Photo Credit: courtesy
Rav Gross is the tall man pictured center.

Most of us think Orthodox Jewish life in pre-war Eastern Europe was rather monolithic. We all know there were chassidim and misnagdim, but few of us are aware that there were many other distinctions among Orthodox Jews.

For example, a great many of the communal rabbis in Poland and Lithuania were sympathetic to Religious Zionism rather than Agudath Israel. Some Polish rabbis were even college-educated. Many Orthodox schools offered substantial secular training including the Orthodox school network in independent Lithuania and Latvia.


In my reading, I recently came across a fascinating example of another such yeshiva in Marmorash, an area in northeast Romania with a large Jewish population spread out among many small shtetlech. The largest city was Sighet; other important towns were Oberr Vishui and Sellish. Most of the Jews in Marmorash were of Polish Galician extraction and affiliated with various chassidic groups.

The largest was Vishnitz followed by Sighet, Spinka, Belz, Sanz, and various Vishnitz offshoots like Borsha and Vishui. Still others saw the various Nadvorna Rebbes as their guides. The most prominent rabbi was the rav of Sighet, who also was the Rebbe of the Sigheter chassidim.

This position had been held for several generations by rabbis of the Teitelbaum family who possessed both scholarship and charisma. Unlike most other Rebbes, they also headed a large yeshiva in Sighet, which added to their prestige.

In 1927, Rav Chaim Zvi Teitelbaum died at a fairly young age, orphaning Sighet of their rav and the chassidim of their Rebbe. Soon afterwards, the widow and other family members proclaimed the oldest son, Yekothial Yuda – who was 14 – as the new Rebbe and rav-to-be upon marriage. In the meantime, a beis din was to run the religious life of Sighet.

Rabbi Nachum Hersh Kahane was appointed the tutor to the new Rebbe and later assumed the role of gabbai of the young Rebbe of Sighet.

This transition went fairly smoothly although many Sigheter chassidim switched loyalty to Chaim Zvi’s younger brother, Rabbi Yoel Teitelbaum, then rav in Krole. Even then, the future Satmarer Rebbe was known to be a major scholar, leader, and saintly personage.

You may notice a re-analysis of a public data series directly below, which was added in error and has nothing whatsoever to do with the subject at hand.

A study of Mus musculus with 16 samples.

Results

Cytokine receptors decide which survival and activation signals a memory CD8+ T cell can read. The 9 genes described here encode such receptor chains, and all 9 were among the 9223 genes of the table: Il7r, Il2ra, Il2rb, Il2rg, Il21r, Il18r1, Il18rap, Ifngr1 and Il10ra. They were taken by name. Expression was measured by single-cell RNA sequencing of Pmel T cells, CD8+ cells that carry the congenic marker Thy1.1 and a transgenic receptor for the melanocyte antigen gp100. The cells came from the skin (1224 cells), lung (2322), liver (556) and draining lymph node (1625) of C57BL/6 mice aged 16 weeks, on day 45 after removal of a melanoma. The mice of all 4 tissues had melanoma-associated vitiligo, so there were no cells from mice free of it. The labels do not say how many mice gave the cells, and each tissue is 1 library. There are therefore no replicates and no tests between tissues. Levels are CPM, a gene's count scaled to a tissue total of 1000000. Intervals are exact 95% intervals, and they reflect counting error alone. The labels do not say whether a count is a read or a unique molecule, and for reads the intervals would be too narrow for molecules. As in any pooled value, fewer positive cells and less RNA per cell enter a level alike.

The leading light of the Sighet beis din was Rabbi Yekothial Yuda Gross of Berbesht, a Teitelbaum cousin. Seeing the poor economic condition of Marmorash Jewry, Rav Gross enacted changes in the yeshiva he headed and established a weaving school to train some of the bachurim in this art.

About 20 percent of the student body took weaving courses and attended daily courses in addition to their yeshiva sedarim. Profits made from the sale of finished products went to the students to help cover their future marriage costs and expenses of starting weaving shops. These courses seem to have had a modicum of success.

In the late 1930s, Rav Gross wanted to expand the curriculum to include watch repair, carving, and agriculture, but the annexation of Sighet by Hungary and subsequent anti-Jewish decrees put such dreams on hold.

When Rav Teitelbaum reached maturity, he expressed doubt about the value of this program but did nothing to end it.

This program, known at first as “Torah and Derech Eretz” and later as “Toras Chaim,” was the only such program in greater Hungary, and Rav Gross was called the “Red Rabbi” because of his support of labor training.

In spring of 1944, all came to an end as much of Hungarian Jewry was deported by Nazi Germany to Auschwitz. Rabbis Teitelbaum and Gross were both killed. Rav Teitelbaum’s younger brother, Rav Moshe, became the Satmar Rebbe in 1980 following the death of his uncle, Rav Yoel, in 1979.